Water, Sanitation and Hygiene in Health Care Facilities: Global baseline report 2019

No one goes to a health care facility to get sick. People go to get better, to deliver babies, to get vaccinated. Yet, hundreds of millions of people face an increased risk of infection by seeking care in health facilities that lack basic necessities, including water, sanitation, hygiene (WASH) and health care waste services. The WHO/UNICEF JMP report, WASH in Health Care Facilities, is the first comprehensive global assessment of water, sanitation and hygiene (WASH) in health care facilities. It finds that 1 in 8 health care facilities has no water service and 1 in 5 has no sanitation service – impacting close to 900 million and more than 1.5 billion people, respectively. The report also reveals that many health centres lack basic facilities for hand hygiene and safe segregation and disposal of health care waste.  These services are crucial to preventing infections, reducing the spread of antimicrobial resistance and providing quality care, particularly for safe childbirth.

 


Workers in health care facilities need sufficient quantities of safe water to provide health care services. Drinking and cooking, hand hygiene, showering and bathing, and a variety of general and specialized medical uses all require safe and reliable supplies of water. Water is also essential for cleaning rooms, beds, floors, toilets, sheets and laundry. It is central to patient experiences of health care, as it enables them to remain hydrated, to clean themselves, and to reduce the risk of infections. Without water, a health care facility isn’t a health care facility. Yet, around  1 in 4 health care facilities do not have basic water services, which impacts around 2 billion people while 1 in 8 health care facilities have no water service at all, which impacts around 894 million people.

Health facilities without proper sanitation, including toilets and waste disposal can spread disease instead of preventing them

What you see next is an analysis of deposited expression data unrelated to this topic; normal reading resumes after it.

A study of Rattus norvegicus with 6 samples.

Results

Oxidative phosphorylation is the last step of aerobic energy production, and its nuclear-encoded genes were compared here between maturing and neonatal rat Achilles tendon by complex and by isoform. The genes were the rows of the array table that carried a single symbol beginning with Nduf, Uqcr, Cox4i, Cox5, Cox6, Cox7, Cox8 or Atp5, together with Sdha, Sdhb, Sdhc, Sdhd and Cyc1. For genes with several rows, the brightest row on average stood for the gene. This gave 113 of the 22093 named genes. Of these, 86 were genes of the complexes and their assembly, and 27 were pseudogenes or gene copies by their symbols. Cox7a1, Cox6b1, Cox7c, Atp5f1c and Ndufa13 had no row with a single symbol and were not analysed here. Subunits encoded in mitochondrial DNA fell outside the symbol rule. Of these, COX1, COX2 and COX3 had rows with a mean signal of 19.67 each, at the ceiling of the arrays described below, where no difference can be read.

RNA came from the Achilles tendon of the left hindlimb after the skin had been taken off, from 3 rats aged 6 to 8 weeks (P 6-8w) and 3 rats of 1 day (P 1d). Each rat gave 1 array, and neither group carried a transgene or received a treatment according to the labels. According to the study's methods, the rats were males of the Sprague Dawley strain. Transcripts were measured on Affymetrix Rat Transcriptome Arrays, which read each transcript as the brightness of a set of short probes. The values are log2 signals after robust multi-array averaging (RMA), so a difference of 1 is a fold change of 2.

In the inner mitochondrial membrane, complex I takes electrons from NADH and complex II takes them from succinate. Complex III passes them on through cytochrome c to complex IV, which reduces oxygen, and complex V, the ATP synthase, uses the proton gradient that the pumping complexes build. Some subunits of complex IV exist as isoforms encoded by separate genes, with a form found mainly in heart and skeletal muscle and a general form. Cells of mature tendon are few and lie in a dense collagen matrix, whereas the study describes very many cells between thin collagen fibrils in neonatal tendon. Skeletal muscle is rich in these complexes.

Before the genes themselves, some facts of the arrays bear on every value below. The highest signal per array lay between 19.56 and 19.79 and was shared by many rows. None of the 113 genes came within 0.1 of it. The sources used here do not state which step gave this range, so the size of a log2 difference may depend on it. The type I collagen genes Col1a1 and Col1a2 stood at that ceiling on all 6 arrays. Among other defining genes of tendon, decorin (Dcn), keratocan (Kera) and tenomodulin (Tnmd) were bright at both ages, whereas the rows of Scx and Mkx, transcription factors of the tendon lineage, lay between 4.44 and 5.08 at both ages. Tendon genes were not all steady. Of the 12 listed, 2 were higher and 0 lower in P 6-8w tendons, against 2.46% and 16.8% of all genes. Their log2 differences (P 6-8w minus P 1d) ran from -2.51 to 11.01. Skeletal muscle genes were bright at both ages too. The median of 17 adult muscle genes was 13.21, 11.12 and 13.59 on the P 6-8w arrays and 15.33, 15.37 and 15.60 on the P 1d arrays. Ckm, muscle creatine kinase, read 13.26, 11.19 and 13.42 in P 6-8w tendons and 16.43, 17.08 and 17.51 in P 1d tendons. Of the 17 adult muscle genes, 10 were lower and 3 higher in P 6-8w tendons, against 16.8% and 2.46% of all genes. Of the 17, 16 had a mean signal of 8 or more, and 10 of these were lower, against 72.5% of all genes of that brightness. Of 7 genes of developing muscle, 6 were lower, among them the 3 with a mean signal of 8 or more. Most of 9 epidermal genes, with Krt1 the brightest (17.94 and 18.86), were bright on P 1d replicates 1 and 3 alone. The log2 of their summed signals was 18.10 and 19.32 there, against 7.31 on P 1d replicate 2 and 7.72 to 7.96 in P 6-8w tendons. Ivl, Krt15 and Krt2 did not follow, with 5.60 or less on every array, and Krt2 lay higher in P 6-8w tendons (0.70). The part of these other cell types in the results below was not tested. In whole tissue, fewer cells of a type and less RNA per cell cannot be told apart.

Sanitation is a human right. Sanitation services in health care facilities are essential to deliver high-quality care that improves the health, welfare and dignity of patients and staff and improve health outcomes. Health facilities without proper toilets and waste disposal can spread disease instead of preventing them. Sanitary management of excreta in health care is particularly important to ensure faecal pathogens do not contaminate the health care facility environment or surrounding areas. Yet,  around 1 in 5 health care facilities lack a sanitation service. That means, 1.5 billion people are going to health centers no toilets at all.

When soap and water are absent, the risk of infection is great

Effective hand hygiene in health care facilities has been the cornerstone of infection prevention and control and, and is today considered the primary measure for preventing health care associated infections and the spread of antimicrobial resistance. Health care workers are the principal target of efforts to improve hand hygiene, since they care for multiple patients and may come into contact with blood and other bodily fluids. However, visitors to health care facilities can also spread pathogens on their hands, and it is important that health care facilities provide handwashing facilities with soap and water at toilets used by patients as well as other visitors who may be tending to patients’ needs. Globally 1 out of 6 health care facilities have no hygiene service, meaning they lack hand hygiene facilities where patients receive care, as well as soap and water at toilets.

Infectious and hazardous waste in health care facilities often isn’t managed appropriately to prevent unsafe exposure

Most waste produced in health care facilities – about 85% – is not hazardous and can be disposed of along with general solid waste. The remaining 15% is either infectious, chemically hazardous or radioactive, and must be managed appropriately to prevent unsafe exposure to health care workers, patients, visitors, waste handlers and the public. Used needles and other sharp materials are generally considered the most hazardous category of health care waste because they can easily cause needle stick injuries and subsequent infection.